On May 15, 2024

Europe or bust but it didn’t seem just

Building a Killington dream lodge: Part 13

Dad was focused and totally devoted to building his Killington dream lodge each weekend. It became his life purpose and passion to build his heart-felt legacy for our family. His dedication was inspiring to behold.

Mom was committed (they were still married) but she had other interests, as well. She saved up money from teaching piano and planned a grand European adventure. Dad didn’t want to go along. He had lived abroad as a child and traveled in Europe with the Naval Academy. He preferred to save his two week vacation from Foster Wheeler Corporation to work on his beloved ski lodge.

My brother Billie attended Bates College in Lewiston, Maine but was in France for his junior year. 

“My major was skiing,” Billie liked to joke from Grenoble in the heart of the French Alps. 

His written and spoken French greatly improved, too. He was a ham when he spoke Français. He even had that French “Je ne sais quoi” and was asked directions by the French in the street.

Since Billie was already in Europe, Mom decided “it’s now or never” so moved ahead with our travel plans. She researched, orchestrated and crammed 12 nations and three principalities into six weeks.

She purchased a Volkswagen Rabbit from the factory in Germany for our neighbor in Montclair. Billie picked it up when he finished his studies then crossed the English Channel and drove to Southampton to pick us up.

We crossed the Atlantic on the Aurelia, the smallest ocean-going passenger vessel which Billie had also taken. He called the Italian student ship “a 10 day floating house party.”

Mom was the senior belle of the ball. Everyone knew her and wanted to speak with her. She was the only mother aboard. I was 14, a rising high school sophomore, but the college students thought I was their age. A friendly boy invited me on a date for dinner and a movie shipboard. I was elated, dressed up, and wore makeup. I felt like a grownup and had a ball.

We Dyes never made long distance calls except in an emergency. We sent postcards describing our adventures and how we wished Dad and Jack were there. We could imagine Dad in Vermont weekends working on projects with a friend he invited to accompany him so he’d be safer with the construction.

Our European trip went by so fast you’d miss a country if you blinked your eyes. It was a whirlwind tour like Doris Day’s “If It’s Tuesday, It Must Be Belgium.” I reveled in our thrilling voyage but also felt it wasn’t fair. It didn’t seem right we were traveling in Europe while Dad was still working and my older brother Jack was in Vietnam.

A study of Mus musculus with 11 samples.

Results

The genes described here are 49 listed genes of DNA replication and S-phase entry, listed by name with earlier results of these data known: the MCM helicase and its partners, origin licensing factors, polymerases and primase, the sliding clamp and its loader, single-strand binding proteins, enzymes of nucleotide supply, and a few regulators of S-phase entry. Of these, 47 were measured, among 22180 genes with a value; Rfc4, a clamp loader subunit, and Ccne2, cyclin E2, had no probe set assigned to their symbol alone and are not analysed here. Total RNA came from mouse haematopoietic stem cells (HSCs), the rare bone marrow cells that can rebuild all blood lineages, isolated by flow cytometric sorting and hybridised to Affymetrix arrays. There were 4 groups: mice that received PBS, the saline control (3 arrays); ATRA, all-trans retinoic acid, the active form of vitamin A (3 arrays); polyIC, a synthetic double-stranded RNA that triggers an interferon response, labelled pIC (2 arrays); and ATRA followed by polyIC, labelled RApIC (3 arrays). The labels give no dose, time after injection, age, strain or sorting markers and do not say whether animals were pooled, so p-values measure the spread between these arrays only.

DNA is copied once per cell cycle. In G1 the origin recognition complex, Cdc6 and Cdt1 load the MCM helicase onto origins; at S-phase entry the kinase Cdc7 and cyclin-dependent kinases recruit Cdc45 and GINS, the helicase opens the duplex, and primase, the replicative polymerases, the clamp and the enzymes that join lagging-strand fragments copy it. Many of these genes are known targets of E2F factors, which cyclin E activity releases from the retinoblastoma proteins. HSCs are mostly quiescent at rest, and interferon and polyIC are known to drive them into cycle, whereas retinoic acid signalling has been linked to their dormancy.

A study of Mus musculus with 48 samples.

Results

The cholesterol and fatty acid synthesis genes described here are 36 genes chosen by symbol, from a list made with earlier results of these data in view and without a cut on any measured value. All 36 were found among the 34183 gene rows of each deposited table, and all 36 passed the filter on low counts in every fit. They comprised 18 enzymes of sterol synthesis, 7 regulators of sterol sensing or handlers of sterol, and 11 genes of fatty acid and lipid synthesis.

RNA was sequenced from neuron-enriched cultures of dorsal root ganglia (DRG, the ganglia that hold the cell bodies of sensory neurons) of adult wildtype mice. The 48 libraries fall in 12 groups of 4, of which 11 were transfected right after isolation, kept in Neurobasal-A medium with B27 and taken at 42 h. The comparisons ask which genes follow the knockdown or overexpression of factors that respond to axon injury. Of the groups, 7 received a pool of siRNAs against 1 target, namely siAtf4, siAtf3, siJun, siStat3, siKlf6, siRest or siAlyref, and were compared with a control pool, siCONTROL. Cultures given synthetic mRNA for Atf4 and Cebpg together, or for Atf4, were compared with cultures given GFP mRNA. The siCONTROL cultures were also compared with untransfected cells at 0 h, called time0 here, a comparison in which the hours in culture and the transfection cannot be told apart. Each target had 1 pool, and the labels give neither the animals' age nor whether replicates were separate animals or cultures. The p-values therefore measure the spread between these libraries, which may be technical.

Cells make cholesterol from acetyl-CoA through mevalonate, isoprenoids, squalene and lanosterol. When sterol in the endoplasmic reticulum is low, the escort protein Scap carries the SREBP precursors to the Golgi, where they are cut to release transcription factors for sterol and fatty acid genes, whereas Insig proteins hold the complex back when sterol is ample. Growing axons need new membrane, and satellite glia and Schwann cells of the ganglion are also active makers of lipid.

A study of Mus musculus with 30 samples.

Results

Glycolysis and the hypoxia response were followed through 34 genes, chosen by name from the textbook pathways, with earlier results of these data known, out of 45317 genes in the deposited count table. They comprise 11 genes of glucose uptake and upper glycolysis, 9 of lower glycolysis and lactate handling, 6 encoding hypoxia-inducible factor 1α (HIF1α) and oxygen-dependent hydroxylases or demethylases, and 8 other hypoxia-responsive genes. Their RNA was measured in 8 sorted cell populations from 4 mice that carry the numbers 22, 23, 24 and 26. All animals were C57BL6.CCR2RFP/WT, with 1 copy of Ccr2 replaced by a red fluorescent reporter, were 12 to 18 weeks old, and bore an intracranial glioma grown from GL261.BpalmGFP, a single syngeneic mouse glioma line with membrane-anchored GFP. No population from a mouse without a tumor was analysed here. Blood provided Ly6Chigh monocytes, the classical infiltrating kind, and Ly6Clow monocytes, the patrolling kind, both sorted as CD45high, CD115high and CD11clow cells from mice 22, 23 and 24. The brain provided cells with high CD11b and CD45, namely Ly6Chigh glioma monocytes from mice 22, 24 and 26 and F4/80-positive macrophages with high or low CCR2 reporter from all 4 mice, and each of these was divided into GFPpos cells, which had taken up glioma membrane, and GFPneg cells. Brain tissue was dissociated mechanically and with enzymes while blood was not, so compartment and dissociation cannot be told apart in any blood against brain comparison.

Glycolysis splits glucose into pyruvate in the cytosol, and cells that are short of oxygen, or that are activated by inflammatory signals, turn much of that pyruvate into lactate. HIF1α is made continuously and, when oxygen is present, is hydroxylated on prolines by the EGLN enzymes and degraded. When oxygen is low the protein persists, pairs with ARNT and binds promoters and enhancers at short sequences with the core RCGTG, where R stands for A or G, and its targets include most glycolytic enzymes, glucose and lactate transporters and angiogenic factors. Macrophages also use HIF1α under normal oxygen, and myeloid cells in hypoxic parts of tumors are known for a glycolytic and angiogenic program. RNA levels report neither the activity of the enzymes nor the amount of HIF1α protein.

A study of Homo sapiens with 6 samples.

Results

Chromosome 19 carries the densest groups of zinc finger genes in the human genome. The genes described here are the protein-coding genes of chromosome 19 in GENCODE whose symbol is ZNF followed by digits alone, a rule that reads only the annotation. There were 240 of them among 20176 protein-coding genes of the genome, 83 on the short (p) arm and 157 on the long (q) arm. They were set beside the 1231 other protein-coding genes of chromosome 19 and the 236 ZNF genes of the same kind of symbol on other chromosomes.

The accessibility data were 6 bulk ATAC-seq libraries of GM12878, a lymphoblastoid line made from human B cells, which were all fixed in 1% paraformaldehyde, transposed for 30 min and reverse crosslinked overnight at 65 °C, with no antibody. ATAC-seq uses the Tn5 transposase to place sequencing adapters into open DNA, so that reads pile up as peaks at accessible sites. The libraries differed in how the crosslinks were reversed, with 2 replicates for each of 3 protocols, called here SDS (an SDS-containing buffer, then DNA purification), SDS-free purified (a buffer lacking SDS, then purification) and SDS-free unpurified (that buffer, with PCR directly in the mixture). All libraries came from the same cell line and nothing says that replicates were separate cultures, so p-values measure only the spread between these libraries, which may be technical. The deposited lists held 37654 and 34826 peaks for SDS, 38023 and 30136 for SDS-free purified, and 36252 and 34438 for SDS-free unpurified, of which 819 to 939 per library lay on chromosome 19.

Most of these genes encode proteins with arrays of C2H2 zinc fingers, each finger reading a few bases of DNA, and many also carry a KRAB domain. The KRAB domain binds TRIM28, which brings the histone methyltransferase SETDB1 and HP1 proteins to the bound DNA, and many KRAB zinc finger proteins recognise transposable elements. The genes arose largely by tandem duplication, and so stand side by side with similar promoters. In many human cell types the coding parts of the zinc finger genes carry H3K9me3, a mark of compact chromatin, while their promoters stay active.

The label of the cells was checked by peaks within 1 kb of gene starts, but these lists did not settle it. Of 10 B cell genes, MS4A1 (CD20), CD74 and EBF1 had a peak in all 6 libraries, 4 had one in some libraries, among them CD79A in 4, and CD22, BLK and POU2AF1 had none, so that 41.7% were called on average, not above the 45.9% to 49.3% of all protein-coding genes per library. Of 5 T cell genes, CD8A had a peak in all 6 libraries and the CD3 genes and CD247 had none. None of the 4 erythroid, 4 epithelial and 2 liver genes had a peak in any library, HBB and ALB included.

Mom needed our European sojourn then—as a distraction from the constant worry. She was stoic and didn’t show fear. She carried on as if things were normal. 

She later admitted, “Every time the phone rang or someone knocked on the door, my heart stopped. My nerves were shot for the two years Jack served in Vietnam.”

While studying forestry at the University of New Hampshire, Jack was in the ROTC (Reserve Officer Training Corps). Upon graduation, he entered the Army as a lieutenant (and later became a captain). He trained in parachute jump school and jungle warfare in the swamps of Georgia before he was sent to Vietnam.

Jack wasn’t fighting. He built bridges and roads in the Army Engineer Corps. But he wasn’t spared the violence and terror of serving there during the war.

“We couldn’t distinguish Vietnamese people from the Viet Cong in our compound, so we never knew who was friend or foe. We were stationed across the street from Vietnam’s largest ammo dump. Explosions were frequent. When they occurred, I dove under my thatched-roof hut onto the ground. I’ll never forget the day I found an anaconda staring back at me.”

Jack was blessed. He came back alive but was forever changed. When he heard a car backfire on the street, he dove under his bed, ridden with anxiety. Like other soldiers throughout the ages, my brother was traumatized and never quite the same.

Jack joined us in Vermont before beginning his new life. He was impressed with Dad’s progress and helped a lot. Vermont became his special retreat for peace and solace surrounded by nature. Jack taught me the names of trees on our land and returned most years to help Mom and Dad.

Marguerite Jill Dye is an artist and writer who divides her time between Vermont and Florida. She can be reached at: Jilldyestudio@aol.com.